Windows has quite a few ways to control your default applications and file associations – more than you might expect. These are used when you double-click a file, click a link, connect a device, or insert media.

You can set an application as the default or all types of files it can open or tweak the applications used for individual file types, protocols, and even specific devices. Many settings are available in multiple locations.

Install an Application

Programs usually offer to become the default program for any file types they can handle during the installation process. This is often convenient – for example, when you install VLC it can become the default media player for every type of media file on your system. However, sometimes you might want to install a program but not have it take over your already-configured file associations. Pay attention while installing applications; you will generally be able to choose which file associations the program will take over.

Use an Application’s Options

Many applications have built-in options for taking over file associations. You will generally find these options in a program’s options window, if the program contains this option. (Many programs do not contain built-in options and use the default applications tool built into Windows.)

Right-Click a File

To change the default application for a specific file extension, right-click a file of that type and select Open with. (If Open with is a menu, point to it and select Choose default program.)

For example, if you wanted to change the default program for opening .JPEG image files, you would right-click a single .JPEG file, point to Open with, and select Choose default program.

Select the program you want to use. Recommended programs are displayed, but you can also expand the Other Programs section to view other possible programs. Use the Browse button and locate a program’s .exe file on your computer if you want to use one that isn’t displayed in this list.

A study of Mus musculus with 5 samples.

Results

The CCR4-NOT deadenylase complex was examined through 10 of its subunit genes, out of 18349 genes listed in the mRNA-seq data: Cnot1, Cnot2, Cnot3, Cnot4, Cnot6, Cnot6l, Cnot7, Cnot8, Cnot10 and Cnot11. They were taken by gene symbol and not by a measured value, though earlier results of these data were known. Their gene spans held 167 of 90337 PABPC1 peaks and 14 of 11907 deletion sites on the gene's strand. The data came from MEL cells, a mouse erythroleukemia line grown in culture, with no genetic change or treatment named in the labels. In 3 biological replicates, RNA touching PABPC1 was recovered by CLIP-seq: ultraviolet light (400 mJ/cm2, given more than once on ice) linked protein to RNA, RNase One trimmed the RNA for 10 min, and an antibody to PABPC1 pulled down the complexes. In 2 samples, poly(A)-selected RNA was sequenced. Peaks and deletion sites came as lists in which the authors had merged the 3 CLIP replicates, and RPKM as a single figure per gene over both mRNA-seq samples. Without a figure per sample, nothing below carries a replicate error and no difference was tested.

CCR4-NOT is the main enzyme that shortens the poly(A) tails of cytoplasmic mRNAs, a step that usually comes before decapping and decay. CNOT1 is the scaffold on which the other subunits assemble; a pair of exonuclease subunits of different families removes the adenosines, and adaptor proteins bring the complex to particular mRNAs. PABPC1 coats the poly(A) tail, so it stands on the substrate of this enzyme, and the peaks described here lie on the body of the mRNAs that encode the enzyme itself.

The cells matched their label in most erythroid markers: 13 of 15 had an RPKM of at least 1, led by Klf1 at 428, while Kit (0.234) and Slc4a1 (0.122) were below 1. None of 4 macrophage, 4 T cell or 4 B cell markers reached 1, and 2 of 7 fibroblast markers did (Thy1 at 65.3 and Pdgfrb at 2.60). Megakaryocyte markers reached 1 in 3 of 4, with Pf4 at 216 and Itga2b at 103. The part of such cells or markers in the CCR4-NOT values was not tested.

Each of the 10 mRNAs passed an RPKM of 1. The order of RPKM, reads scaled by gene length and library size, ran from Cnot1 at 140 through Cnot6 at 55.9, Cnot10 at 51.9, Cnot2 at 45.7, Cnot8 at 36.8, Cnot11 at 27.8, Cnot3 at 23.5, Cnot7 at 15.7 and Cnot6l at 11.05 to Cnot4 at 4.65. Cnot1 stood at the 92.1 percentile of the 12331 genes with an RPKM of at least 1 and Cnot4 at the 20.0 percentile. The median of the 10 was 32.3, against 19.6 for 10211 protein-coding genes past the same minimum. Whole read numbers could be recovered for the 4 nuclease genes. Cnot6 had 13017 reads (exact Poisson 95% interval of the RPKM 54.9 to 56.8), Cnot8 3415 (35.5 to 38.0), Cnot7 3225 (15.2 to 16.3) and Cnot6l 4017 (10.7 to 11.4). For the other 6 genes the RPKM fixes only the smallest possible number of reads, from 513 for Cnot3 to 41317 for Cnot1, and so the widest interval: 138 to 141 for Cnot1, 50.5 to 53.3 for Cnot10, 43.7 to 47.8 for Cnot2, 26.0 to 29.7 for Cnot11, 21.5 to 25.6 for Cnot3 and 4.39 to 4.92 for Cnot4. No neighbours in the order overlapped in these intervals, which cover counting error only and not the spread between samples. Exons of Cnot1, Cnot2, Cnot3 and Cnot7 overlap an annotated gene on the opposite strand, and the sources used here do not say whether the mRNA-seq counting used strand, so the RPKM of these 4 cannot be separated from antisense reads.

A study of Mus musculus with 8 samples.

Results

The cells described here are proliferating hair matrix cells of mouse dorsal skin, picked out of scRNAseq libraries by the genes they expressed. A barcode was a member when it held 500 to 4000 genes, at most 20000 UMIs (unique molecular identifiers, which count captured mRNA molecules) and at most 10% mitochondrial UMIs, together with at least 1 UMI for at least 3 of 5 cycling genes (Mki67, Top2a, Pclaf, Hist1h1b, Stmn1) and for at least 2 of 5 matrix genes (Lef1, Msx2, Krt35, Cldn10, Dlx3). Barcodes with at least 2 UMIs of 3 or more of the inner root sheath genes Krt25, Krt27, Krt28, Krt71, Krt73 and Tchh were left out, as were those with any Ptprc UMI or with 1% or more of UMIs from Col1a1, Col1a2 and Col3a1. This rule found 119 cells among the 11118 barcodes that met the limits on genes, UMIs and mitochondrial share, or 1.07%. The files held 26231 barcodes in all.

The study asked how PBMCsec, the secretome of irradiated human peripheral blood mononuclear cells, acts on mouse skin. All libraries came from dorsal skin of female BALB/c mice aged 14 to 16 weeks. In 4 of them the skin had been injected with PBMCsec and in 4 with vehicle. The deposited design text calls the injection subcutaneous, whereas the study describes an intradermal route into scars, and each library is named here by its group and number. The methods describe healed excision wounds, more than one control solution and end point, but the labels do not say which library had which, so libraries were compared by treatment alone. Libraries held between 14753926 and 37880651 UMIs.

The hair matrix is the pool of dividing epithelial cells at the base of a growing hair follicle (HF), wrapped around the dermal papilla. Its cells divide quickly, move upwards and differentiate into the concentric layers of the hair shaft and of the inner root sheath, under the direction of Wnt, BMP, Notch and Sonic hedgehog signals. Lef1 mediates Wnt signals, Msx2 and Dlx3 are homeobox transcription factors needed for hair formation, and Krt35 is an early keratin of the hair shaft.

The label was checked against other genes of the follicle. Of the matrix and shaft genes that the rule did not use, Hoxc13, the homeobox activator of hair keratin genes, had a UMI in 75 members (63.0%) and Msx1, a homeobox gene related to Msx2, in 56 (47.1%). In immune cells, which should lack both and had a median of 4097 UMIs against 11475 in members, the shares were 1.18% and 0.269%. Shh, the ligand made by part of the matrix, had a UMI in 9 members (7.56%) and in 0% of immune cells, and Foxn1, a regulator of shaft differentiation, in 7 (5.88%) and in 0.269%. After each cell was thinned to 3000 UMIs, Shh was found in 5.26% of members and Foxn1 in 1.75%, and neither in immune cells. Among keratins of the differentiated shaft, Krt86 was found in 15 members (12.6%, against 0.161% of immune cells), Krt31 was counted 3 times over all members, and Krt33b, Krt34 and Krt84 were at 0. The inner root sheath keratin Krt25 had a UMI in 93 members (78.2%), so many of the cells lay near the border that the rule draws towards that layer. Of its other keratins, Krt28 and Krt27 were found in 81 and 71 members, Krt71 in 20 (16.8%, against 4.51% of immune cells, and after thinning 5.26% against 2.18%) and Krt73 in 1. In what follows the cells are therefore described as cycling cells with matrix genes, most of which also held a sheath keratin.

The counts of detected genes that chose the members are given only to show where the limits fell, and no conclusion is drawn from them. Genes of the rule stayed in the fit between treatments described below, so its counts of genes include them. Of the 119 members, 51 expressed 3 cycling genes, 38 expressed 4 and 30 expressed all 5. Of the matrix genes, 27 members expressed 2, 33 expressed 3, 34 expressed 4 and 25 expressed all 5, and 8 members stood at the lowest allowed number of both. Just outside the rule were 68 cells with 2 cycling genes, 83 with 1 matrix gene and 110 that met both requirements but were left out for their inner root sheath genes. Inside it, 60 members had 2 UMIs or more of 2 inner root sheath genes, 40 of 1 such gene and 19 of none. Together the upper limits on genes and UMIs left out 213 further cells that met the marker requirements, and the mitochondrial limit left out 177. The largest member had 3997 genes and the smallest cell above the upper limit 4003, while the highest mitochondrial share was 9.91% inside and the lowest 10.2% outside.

Ensure the “Always use the selected program to open this kind of file” box is checked, and then click OK. The program will become your default application for the file type you chose.

Set Your Default Programs

Windows includes several built-in control panels for configuring these settings in different ways. To access them, open the Control Panel, click Programs, and click Default Programs.

Click the “Set your default programs” link and you will see a list of programs installed on your computer. Select one of the programs and you will see the number of file extensions it’s associated with. Click the “Set this program as default” option to make the program the default for every type of file it can open.

You can also click “Choose defaults for this program” and select which individual file extensions you want the program to have.

Associate a File Type of Protocol with a Program

Click the “Associate a file type or protocol with a program” link if you want to customize individual file extension options.

File extensions are listed alphabetically. Select one and click Change program to change the program the file extension is associated with.

This screen also allows you to control the programs associated with protocols like http://, ftp://, and mailto:. You will find the protocols at the bottom of the list.

Change AutoPlay Settings

The Change AutoPlay settings control panel allows you to choose the default applications launched when you insert audio CDs, DVD movies, and other types of media.

You can even choose the default action that happens when you connect specific devices to your computer. You will see devices you have already connected in this list.

Set Program Access and Defaults

The Control Panel also contains a “Set program access and computer defaults” control panel.

This window allows you to choose your default browser, email program, media player, instant messaging program, and Java virtual machine. You can also disable access to individual applications, such as the ones Microsoft includes with Windows.

The Set Program Access and Defaults window was actually added as a result of the US government’s antitrust lawsuit against Microsoft. That’s why it contains the ability to remove access to Internet Explorer and other included applications.